The D.C. Medical Examiner's office has ruled the deaths of two Washington women last month were the result of hyperthermia, or an abnormally high body temperature, caused by the hot weather.
The two deaths are the first in the District directly related to heat this year, according to Dr. Stuart Dawson, deputy medical examiner.
Mannie Dixon, 57, of 501 Virginia Ave. SE, died July 18 after several hours outside in the heat, according to officials. Police said the woman could not find her apartment key and waited several hours for a relative before notifying the resident manager, who admitted her to the apartment.
When her relatives came home, the woman was in a semi-conscious condition. Dixon's temperature had reached 107 degrees by the time she was taken to Capitol Hill Hospital, where she died several hours later, officials said.
The next day, Minnie Mitchell, 84, a resident of the city-run Regency House, 5201 Connecticut Ave., was found semi-conscious in an elevator there, according to police. Her temperature was recorded at 106 degrees at George Washington University Hospital, where she died, officials said.
"This is the first time I have heard about it," James E. Clay, the city's housing director said yesterday.
Although the police report stated that air conditioning in the building had been off for five weeks, Clay said the air conditioning was off for 10 days while a new system was being installed. He said installation was completed July 23.
High temperatures for the two days on which the women died were 96 degrees and 92 degrees, and the air quality index for July 19 was 135, or unhealthful.
Yesterday's high was 93 degrees, and highs from 90 to the low 90s are expected for the next several days, according to the National Weather Service.
Richard Kenney, chairman of the physiology department at George Washington University's medical school, said the continuing hot weather creates conditions that could lead to hyperthermia, especially in the elderly.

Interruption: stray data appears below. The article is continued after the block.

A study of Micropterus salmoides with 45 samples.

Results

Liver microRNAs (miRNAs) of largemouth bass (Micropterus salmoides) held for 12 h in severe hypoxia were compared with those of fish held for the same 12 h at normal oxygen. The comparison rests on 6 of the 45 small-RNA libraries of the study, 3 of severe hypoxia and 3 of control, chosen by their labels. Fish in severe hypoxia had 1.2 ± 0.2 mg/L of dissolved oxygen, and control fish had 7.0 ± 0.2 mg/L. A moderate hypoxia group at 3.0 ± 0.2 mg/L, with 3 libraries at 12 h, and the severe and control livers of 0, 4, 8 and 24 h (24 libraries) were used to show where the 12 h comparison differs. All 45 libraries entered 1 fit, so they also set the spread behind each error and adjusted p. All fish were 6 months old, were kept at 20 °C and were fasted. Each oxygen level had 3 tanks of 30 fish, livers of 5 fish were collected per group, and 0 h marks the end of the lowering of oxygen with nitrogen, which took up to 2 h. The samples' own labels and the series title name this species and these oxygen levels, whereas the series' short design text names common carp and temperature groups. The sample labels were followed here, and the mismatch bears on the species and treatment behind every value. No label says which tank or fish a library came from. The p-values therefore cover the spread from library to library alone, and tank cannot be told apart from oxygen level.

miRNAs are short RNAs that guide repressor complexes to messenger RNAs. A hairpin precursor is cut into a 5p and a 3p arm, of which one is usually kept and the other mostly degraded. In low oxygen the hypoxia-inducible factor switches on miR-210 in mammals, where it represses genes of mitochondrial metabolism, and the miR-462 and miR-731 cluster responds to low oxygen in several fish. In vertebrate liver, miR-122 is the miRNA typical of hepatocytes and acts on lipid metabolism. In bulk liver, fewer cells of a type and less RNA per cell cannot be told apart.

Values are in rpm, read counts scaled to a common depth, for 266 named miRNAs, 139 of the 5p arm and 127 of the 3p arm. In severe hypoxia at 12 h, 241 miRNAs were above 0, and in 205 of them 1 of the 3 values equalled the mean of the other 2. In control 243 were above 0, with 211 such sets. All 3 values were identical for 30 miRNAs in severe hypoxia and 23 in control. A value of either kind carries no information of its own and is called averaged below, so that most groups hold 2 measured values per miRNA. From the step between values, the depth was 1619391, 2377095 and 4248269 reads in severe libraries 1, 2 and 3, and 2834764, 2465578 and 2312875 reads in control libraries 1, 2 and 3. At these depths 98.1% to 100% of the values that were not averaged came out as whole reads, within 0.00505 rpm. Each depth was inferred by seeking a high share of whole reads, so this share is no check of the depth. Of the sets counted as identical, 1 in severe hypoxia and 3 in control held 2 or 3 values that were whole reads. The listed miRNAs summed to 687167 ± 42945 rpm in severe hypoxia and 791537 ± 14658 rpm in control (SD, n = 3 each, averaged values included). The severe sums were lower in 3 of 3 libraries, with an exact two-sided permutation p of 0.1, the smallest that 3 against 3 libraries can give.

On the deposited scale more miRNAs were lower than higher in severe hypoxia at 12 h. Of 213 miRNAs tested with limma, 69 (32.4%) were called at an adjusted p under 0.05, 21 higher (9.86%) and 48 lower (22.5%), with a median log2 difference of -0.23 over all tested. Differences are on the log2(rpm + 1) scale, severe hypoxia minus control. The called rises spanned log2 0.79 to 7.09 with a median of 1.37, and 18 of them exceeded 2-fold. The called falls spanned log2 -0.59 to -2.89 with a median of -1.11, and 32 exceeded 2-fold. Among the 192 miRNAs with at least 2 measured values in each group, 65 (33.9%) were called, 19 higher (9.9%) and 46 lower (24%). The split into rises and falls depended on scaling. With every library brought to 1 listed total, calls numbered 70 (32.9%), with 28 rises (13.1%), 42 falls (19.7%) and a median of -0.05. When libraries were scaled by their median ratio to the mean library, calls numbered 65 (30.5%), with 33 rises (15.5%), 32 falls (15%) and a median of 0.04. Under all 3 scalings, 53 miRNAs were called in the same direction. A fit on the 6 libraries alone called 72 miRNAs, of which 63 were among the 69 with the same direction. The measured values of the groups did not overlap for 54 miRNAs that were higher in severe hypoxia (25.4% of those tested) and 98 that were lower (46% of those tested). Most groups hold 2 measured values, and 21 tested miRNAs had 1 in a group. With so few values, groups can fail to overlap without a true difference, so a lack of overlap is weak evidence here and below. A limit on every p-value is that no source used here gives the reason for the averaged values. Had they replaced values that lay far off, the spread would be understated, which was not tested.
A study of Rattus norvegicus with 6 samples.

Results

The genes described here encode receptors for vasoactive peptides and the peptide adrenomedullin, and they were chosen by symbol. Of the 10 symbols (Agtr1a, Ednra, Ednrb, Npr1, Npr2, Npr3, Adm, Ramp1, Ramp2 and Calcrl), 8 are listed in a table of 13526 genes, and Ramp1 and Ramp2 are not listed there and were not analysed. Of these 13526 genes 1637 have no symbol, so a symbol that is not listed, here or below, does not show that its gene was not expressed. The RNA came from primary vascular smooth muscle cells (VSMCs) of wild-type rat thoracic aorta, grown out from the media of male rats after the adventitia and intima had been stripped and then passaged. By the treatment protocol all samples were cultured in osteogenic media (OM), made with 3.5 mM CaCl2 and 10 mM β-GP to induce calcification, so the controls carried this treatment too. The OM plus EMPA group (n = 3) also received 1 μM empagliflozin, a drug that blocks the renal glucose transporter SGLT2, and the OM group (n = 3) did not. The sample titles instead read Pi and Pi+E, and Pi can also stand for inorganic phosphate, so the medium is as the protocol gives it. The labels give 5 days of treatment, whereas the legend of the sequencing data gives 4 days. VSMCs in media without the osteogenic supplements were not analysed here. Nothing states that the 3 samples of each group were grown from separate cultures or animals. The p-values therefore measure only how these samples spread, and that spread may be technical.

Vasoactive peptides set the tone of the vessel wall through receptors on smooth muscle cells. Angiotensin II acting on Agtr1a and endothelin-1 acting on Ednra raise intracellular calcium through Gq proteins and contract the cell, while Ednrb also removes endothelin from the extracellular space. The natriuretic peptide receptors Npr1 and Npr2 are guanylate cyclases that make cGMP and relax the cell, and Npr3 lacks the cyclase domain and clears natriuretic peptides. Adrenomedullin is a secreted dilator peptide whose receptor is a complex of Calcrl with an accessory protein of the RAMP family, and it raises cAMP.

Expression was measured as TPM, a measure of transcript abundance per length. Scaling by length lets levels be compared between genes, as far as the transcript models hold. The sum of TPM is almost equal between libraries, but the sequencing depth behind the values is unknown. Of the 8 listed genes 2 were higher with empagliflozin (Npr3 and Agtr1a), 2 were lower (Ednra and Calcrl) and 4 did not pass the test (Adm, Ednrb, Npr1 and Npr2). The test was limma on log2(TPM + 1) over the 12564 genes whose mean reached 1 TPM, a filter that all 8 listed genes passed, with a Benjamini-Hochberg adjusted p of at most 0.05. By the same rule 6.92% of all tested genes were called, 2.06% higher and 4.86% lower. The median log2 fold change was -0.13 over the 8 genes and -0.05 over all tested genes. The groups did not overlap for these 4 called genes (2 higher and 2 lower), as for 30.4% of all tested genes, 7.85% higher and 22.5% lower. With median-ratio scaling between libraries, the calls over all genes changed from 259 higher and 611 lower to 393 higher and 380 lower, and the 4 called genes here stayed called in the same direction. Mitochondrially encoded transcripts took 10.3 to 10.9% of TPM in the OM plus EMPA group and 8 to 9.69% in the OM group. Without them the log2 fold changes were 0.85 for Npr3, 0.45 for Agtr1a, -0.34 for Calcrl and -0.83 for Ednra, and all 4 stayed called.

"The dangers of high temperature increase as the heat wave goes on. Incidents become more common because people become a little bit dehydrated day by day," Kenney cautioned. Therefore, he said, after several days of high temperatures the stress necessary to cause failure of the body's cooling mechanisms "is quite small."
People who live in the city are more prone to suffering from the heat than others because of the high amount of heat radiated by pavement and buildings, Kenney said.
"The body is pretty good at cooling itself if it has enough fluids," he said. But he noted the amount needed is more than people usually think. "Outside on a day like this, moving about quietly, a person can require more than a quart of fluid an hour.
"My rule of thumb is keep drinking to satisfy your thirst and then drink half as much again," Kenney said.
To help the body keep cool, Kenney gave these tips:
* Encourage air movement in the space where you are. If inside, make certain there is adequate ventilation. It may be better to go outside if there is a breeze.
* Adjust clothing to get good air movement. This includes wearing loose, cotton clothing, wearing shirts outside rather than tucked in and keeping collars loose.
* Avoid oversalting and avoid alcohol. Salt tablets can be counterproductive and generally should be avoided.
Alcohol makes the body excrete more fluids through the kidneys, thereby depriving the body of the ability to lose those fluids through sweat.